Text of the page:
Musings on the worlds of aviation, military and international affairs.


With reviews of books that cover these topics


Anatomy of a Soldier

Harry Parker,              Faber & Faber,  26 February 2016


WE Henley


Out of the night that covers me,

Black as the pit from pole to pole,

I thank whatever gods may be

For my unconquerable soul.


In the fell clutch of circumstance

I have not winced or cried aloud.

Under the bludgeonings of chance

My head is bloody, but unbow’d.


Beyond this place of wrath and tears

Looms but the Horror of the shade,

And yet the menace of the years

Finds and shall find me unafraid.


It matters not how strait the gate,

How charged  with punishments the scroll,

I am the master of my fate:

I am the captain of my soul.

I am not normally given to reviewing fiction, but I had heard good things of this novel, and it did not disappoint.  Some of England’s greatest novelists  -  say Charlotte Bronte or Jane Austen – wrote from a little observation, and lots of imagination. One of the distinguishing features of Parker’s astonishing debut novel is that it is almost all written from experience. For he did a tour of Afghan as a Captain in the Rifles, when he was blown up by an IED in November 2009. Whilst there have been many I-was-there-in-Helmand memoirs, this book is pungent proof that a novel lets the writer say more.


Anatomy’s structure is innovative: each chapter is told from the viewpoint of some tangible object – such as plasma, body armour, or bicycle. Further the narrative jumps around the time line. The overall effect is to unsettle the reader, and mirror the chaos of the battlefield; but the other benefit of this writer’s wrinkle is to allow Parker to give the story balance – most episodes have the counterpoint of the Afghan/Taliban perspective. The story is built around the IED explosion in which the central figure, Capt Tom Barnes, suffers severe lower limb injury, and we then follow his journey through casevac, Bastion’s trauma unit, ICU back at Brum, and then lengthy rehab.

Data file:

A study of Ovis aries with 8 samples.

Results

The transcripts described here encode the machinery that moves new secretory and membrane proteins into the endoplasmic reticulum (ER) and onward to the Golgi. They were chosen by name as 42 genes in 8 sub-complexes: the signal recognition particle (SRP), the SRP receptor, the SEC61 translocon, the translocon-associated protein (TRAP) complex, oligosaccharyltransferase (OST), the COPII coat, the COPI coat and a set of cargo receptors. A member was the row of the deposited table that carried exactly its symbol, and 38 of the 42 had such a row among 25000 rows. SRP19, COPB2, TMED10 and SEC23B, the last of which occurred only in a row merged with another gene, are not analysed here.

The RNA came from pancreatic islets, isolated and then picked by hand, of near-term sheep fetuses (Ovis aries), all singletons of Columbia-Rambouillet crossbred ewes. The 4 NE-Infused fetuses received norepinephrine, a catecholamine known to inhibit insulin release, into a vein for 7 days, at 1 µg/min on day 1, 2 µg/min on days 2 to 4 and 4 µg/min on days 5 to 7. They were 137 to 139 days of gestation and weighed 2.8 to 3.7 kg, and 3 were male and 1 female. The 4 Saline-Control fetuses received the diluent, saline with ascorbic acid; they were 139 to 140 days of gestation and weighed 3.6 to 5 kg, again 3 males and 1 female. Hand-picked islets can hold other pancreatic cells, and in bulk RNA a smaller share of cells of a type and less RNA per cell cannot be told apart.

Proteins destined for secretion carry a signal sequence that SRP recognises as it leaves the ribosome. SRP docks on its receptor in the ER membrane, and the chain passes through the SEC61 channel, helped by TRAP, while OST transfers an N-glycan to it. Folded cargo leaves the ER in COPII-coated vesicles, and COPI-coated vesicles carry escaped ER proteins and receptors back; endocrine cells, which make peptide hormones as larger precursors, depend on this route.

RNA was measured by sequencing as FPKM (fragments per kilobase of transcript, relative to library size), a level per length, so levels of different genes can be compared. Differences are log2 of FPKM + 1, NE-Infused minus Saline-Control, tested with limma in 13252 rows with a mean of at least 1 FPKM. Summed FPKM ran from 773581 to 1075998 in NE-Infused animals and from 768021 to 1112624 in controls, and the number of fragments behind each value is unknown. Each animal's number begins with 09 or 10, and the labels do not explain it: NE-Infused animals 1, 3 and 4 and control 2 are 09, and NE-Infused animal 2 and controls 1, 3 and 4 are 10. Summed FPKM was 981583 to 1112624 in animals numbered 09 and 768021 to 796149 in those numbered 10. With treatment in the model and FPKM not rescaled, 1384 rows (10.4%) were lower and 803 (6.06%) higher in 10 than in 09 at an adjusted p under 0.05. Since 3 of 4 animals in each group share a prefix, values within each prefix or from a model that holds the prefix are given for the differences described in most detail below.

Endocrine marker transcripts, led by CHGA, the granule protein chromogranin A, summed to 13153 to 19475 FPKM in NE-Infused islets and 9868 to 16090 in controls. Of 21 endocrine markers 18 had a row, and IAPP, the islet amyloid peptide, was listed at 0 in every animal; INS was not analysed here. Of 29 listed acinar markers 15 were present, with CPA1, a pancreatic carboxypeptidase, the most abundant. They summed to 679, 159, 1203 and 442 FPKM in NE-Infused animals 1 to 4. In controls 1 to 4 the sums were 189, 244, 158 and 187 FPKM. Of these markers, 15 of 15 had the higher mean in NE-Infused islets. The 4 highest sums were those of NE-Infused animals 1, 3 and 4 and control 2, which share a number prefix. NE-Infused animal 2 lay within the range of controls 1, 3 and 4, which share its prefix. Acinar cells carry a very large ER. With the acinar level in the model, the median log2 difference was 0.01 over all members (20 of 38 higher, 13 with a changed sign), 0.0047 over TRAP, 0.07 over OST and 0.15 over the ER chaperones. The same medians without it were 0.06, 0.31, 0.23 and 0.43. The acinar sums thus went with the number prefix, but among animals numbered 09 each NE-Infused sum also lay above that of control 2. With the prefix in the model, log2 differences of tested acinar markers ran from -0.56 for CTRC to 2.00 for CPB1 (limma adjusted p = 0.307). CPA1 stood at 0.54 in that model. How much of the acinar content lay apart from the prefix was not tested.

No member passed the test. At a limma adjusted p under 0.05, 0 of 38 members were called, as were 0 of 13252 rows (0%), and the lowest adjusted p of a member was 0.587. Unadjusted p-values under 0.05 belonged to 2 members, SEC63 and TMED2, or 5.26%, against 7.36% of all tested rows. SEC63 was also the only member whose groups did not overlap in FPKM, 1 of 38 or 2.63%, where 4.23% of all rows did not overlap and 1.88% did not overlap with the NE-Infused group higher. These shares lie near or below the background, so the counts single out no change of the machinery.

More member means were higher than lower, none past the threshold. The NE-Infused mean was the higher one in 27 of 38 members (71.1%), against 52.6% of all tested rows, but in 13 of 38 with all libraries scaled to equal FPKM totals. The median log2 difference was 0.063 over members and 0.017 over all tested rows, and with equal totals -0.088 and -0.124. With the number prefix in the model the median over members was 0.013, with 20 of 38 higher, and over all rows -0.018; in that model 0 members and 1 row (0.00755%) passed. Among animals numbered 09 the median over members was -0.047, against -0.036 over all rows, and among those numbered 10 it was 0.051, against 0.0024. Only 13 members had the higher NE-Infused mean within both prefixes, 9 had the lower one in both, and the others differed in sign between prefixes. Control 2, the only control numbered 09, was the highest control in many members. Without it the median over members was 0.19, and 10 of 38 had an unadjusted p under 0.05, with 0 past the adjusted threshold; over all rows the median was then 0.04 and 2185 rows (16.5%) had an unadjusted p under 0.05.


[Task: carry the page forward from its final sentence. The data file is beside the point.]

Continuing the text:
Given that Parker must have been unconscious for much of the early part of this journey, his research must have been very assiduous – perhaps the discovery of his treatment was cathartic. The early phases of this bring to mind, Death of a Soldier, written by the mother of Mark Evison, who of course did not survive.


The description of his main operation is sufficiently vivid as to leave the reader gasping for breath. The reader follows, step by painful step, his rehab, and his gradual re-assimilation into British society. The medal parade rang horribly true for me: it took me right back to watching SODtm  on a chill winter’s day complete with snow flurries, chest out, nose blue; one comrade being escorted by his mate as he had left his eyesight back in Helmand.


The scenes with his family tugged at my heartstrings, at least. Here the back story adds another layer of interest, since Harry is the son of General Sir Nick Parker, who was Deputy Commander of ISAF at the time of Harry’s fateful Herrick tour.


Whilst Parker by no means confines himself to the physical aspects of his traumatic episode, the book is an appropriate reminder of the physical damage wrought on his generation by its participation in the Afghan war. It is a worthy companion volume to Among You, Jake Wood’s memoir which focuses on the mental legacy. Parker’s theme is nuanced such that the reader is in no doubt he recognises the sense of loss amongst the Afghans ISAF was there (ostensibly) to help. As the central Afghan figures notes "What I do know, is that no one wins."


This is a visceral first novel – highly recommended. The caveats below are trivial.



The direct speech can be a bit clunky, and much of it does not ring quite true. No four letter words for a start! Who would say “I am second in command here”. “2 i/c” would I think be more natural. Same with “Patrol Base”, when any squaddie would say ‘PB’. Yet if the author is trying to make life easy for a lay reader, “HLS” (as in Helicopter Landing Site) is not explained. Zap numbers are used frequently in the narrative, yet not explained. Perhaps this is all a function of lax editing.


Anatomy has echoes of WE Handley’s Invictus, part of which became the clarion call for the Invictus games, 2014’s very  successful championship for wounded warriors.